UK classroom
Labour says the use of unqualified teachers in state schools leads to children receiving a second-class education.Getty

Around 400,000 schoolchildren in Britain are being taught by unqualified teachers, according to research revealed by shadow education secretary Tristam Hunt.

Former education secretary Michael Gove introduced the right for free schools and academies to use unqualified teachers in 2012.

But Hunt has drawn attention to the extent unqualified teachers are being used in state-funded schools, making the issue a central campaign in Labour's education policy.

Labour claims the use of teachers who have not received formal teacher training leads to children in state schools being taught by people who have no guaranteed training in safeguarding children, controlling a class or adapting teaching to respond to the strengths and needs of pupils.

Education secretary Michael Gove
Former education secretary Michael Gove relaxed the rules surrounding hiring unqualified teachers in 2012.Reuters

Hunt said the number of unqualified teachers in state schools rose by 16 per cent to 17,100 in the past year. The number in academies and free schools rose by 50 per cent to 7,900 since Gove's legislation in 2012.

The figures reveal around 430,000 children are being taught by unqualified teachers, based on a class size average of 25.3.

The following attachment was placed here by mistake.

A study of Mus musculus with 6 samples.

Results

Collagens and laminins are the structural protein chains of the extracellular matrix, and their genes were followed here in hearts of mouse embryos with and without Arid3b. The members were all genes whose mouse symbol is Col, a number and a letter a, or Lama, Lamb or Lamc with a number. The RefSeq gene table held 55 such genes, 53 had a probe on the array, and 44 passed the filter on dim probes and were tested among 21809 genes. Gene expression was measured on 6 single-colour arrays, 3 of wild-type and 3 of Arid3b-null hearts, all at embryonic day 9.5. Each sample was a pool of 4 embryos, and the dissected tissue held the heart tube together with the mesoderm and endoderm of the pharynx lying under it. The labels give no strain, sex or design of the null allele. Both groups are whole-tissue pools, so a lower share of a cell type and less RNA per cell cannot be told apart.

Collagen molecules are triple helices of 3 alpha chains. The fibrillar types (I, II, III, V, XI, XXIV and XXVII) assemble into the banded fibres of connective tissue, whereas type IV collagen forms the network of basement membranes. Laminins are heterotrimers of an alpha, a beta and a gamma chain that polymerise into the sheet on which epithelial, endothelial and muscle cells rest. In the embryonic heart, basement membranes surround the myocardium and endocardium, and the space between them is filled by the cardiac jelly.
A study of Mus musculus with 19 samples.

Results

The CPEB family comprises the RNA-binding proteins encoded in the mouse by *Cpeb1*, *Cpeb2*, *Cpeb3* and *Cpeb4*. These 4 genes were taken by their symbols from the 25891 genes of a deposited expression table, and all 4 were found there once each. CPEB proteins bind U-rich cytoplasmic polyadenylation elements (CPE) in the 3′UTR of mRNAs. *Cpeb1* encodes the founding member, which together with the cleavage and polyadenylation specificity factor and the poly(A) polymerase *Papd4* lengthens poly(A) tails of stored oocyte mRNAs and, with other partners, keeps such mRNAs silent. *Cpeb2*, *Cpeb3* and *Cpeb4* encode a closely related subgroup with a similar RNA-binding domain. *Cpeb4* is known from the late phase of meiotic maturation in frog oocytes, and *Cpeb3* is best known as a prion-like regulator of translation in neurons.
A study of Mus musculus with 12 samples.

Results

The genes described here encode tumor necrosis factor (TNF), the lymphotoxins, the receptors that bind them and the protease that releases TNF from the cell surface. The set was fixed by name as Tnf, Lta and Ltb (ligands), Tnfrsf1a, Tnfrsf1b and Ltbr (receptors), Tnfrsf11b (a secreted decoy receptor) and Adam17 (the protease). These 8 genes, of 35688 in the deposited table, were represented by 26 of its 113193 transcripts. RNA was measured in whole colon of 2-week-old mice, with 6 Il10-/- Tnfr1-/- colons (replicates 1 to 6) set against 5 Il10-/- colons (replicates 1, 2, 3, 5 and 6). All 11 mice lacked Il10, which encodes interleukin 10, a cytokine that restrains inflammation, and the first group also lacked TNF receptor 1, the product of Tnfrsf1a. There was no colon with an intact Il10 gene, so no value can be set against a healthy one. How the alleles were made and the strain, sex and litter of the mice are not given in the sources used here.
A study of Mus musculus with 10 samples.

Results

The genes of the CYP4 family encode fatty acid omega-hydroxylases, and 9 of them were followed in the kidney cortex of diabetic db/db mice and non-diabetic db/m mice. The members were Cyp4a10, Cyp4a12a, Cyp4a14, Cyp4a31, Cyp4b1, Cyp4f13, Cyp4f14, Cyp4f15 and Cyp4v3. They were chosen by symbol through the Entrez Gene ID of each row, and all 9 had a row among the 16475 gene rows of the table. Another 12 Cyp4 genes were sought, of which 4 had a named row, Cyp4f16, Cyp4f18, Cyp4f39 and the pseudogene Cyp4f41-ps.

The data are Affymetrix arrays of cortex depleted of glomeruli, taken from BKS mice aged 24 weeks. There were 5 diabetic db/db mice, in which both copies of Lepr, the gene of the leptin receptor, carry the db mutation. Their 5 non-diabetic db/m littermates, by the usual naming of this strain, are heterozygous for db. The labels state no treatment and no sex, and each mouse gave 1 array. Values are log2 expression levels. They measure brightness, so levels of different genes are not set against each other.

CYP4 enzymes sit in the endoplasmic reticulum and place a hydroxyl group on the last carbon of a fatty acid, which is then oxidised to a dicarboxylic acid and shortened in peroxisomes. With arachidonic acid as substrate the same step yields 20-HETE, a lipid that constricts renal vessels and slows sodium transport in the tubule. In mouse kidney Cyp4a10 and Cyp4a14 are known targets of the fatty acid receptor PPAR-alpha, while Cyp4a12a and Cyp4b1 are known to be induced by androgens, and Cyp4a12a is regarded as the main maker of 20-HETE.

Before 2012, people could only be employed as teachers on a permanent basis at a state school if they had qualified teacher status, meaning they had undergone and completed formal teacher training.

Unqualified teachers (such as teacher trainees, some teachers who are trained overseas and people with particular skills but no training such as industry professionals) were permitted to teach only if a school was satisfied they had sufficient qualifications or experience and no suitable qualified personnel were available.

Under the Coalition, the requirements restricting when schools could employ unqualified teachers have been relaxed. Since September 2012, schools do not need to factor in the availability of a qualified alternative teacher.

Releasing the latest research on Monday, Hunt said: "David Cameron's decision to allow unqualified teachers to be permanently employed in schools is seriously threatening standards for hundreds of thousands of children – and the figures are rising.

"Labour will reverse the unqualified teachers policy and put teaching standards first, with our ambition of a world-class teacher in every classroom. We will ensure that all teachers become properly qualified, continue to build their skills and are able to pursue new career pathways that keep the best teachers in the classrooms."